Pupils had to be 'hosed down' over asbestos risk as school building crumbled

Hetton Schools old sign - in the days when it was still waiting to be rebuilt.
Hetton Schools old sign - in the days when it was still waiting to be rebuilt.

Students had to be sent to an emergency van to be cleaned when suspected asbestos dust fell on them from their school building.

The extent of the problems at Hetton School's old site was laid bare before the House of Commons as its acting headteacher and its former headteacher told its Public Accounts Committee about the problems they faced while waiting for it to be rebuilt.

The new Hetton School, which began to welcome staff and students at the start of this academic year.

The new Hetton School, which began to welcome staff and students at the start of this academic year.

The plans to rebuild the school - one of several which were proposed across Wearside and East Durham because they were in such a bad state of repair - was hit by a delay following the collapse of the deal that was meant to financially back the project.

The project was finally complete in September.

Acting headteacher Craig Knowles and former headteacher Phil Keay presented evidence to MPs as the meeting looked at capital spending for schools and scrutinised the Department for Education and Education Funding Agency on whether they delivered effectively on buildings.

The appearance by the school's leaders was organised by Houghton and Sunderland South MP Bridget Phillipson, who sits on the committee.

The session heard how the old school's state led it to being shut on several occasions and a series of safety measures being drafted in to keep children safe while waiting for the project to begin.

The committee was told that while asbestos was largely concealed within the building, windy weather would cause tiles to move and dust to fall.

The school representatives said this meant time was lost in the classroom for children when it had to be closed because of structural problems, as well as times when its heating system was not working.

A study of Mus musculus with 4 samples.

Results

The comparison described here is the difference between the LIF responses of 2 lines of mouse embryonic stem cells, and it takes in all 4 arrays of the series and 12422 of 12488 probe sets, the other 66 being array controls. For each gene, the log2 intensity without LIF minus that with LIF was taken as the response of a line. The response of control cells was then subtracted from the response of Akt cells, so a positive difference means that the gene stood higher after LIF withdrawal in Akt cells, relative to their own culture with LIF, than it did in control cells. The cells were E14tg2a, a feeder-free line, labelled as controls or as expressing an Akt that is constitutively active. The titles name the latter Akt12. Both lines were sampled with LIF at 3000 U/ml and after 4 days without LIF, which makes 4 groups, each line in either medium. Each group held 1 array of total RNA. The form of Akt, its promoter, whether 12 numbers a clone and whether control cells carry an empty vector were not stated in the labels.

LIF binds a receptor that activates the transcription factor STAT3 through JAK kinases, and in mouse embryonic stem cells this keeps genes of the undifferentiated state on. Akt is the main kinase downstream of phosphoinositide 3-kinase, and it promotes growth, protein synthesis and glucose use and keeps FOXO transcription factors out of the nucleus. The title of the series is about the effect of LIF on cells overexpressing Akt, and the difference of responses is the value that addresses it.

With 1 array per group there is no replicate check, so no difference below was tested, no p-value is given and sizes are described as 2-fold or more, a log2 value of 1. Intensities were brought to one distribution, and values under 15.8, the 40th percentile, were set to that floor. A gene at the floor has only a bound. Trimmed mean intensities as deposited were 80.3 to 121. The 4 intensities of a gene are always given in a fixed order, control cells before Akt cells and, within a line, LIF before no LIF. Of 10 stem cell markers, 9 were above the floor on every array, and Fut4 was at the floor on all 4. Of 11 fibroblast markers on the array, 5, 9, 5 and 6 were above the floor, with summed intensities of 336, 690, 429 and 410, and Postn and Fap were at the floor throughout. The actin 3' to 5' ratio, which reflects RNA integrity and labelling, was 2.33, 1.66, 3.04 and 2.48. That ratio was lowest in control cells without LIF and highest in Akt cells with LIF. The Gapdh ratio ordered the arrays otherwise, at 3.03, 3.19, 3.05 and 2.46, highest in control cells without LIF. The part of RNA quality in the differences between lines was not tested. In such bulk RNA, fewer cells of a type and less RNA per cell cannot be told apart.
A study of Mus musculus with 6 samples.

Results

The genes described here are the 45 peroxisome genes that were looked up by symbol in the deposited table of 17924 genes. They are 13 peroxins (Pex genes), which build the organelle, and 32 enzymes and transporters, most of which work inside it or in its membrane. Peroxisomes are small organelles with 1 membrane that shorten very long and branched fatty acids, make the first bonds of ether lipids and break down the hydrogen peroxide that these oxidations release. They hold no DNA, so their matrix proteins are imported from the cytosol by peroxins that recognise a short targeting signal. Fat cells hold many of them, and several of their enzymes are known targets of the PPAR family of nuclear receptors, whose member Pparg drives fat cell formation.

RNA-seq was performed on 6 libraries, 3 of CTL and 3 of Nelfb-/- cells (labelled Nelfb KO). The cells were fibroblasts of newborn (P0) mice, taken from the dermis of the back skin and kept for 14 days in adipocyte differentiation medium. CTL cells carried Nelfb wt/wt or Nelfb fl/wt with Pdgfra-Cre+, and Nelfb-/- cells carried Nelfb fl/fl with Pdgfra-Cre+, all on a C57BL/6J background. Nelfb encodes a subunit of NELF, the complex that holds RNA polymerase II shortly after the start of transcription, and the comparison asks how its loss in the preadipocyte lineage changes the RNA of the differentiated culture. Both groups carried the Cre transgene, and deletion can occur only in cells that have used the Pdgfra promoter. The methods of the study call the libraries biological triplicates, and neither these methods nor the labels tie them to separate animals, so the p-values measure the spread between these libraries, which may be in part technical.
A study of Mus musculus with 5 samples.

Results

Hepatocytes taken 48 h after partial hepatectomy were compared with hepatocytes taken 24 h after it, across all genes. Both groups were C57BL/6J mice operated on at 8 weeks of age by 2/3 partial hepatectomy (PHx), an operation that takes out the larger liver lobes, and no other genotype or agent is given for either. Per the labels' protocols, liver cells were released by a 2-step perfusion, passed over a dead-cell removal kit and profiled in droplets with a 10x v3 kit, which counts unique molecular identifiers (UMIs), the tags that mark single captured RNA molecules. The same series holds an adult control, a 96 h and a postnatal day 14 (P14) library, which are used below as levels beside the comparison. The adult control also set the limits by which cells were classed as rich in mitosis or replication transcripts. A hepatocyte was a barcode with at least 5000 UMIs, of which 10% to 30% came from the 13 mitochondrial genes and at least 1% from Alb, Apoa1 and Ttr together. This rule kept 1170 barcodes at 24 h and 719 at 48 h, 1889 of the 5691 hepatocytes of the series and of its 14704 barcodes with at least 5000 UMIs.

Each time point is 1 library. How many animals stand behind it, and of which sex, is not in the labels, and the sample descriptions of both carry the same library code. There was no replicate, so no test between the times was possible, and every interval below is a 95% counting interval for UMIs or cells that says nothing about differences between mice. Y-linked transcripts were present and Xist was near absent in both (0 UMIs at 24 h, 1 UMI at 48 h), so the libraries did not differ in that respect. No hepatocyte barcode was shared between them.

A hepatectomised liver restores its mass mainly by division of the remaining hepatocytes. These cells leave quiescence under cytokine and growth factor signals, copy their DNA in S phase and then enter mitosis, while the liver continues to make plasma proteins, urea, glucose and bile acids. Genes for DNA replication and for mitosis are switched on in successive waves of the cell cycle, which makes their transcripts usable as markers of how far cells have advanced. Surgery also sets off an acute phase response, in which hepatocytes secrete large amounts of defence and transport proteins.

Mr Keay said: "Some ceiling tiles were taped together so therefore should have been secure, but on windy days wind would get through the building and through open doors and the ceilings would lift.

"We had two or three cases we had to close off the school and students had to in fact had to go into the de-fumigation van, an emergency van, to make sure they were de-dusted and hosed down and cleaned, and it really was that serious.

"Obviously parents were informed, the emergency services and so on, but it was not a building that was fit to have children in it for several years really, prior to its closure and us moving to the new building."

Mr Knowles spoke of how in September, the school moved into its new building.

He said: "The impact on the students is that they can now actually go about their learning with a mental readiness that previously wasn't the case.

"Perhaps before, when they would have had to come in from the rain and keep their coats on because of the lack of heating, and have those kind of issues, where they were just trying to go about their work to learn, they're not there any more.

"We do have a good new building, it's not without its continuing issues, but all those issues that I've mentioned they're not there any more.

"It's a fantastic environment for young people to go about their work, to progress, to achieve and it's great for the staff was well, because they can have confidence in their preparation and what they are trying to achieve."

After the meeting, and via the school's website, Mr Knowles said it had been a "great opportunity" to speak to MPs and members of the department and the agency.

He added: "As a school we have a fantastic building that , although not without its faults, is a great environment for students and staff to develop in.

"However, we have had unforeseen costs this year that we believe should have formed part of contingency within the EFA budget and have now fallen on the school.
"These costs have to be found from our depleted revenue budget and therefore means we have less to spend on our real priorities of high quality teachers in every classroom, supported by high quality non-teaching staff.
"Despite these difficulties we have a clear plan for the school’s future that will allow us to continue to prosper as a good school.”

Mr Knowles added: “One thing for sure, the future is bright at Hetton School, because we prioritise the most important thing – putting our students first”

The committee also heard £7billion is needed to bring the country's school sites up to a decent standard and that amount again to make them a "good standard."

There is also an issue over the demand for school places, with 420,000 more places needed by 2021, with the Government's push on free schools to be factored in schools' estates.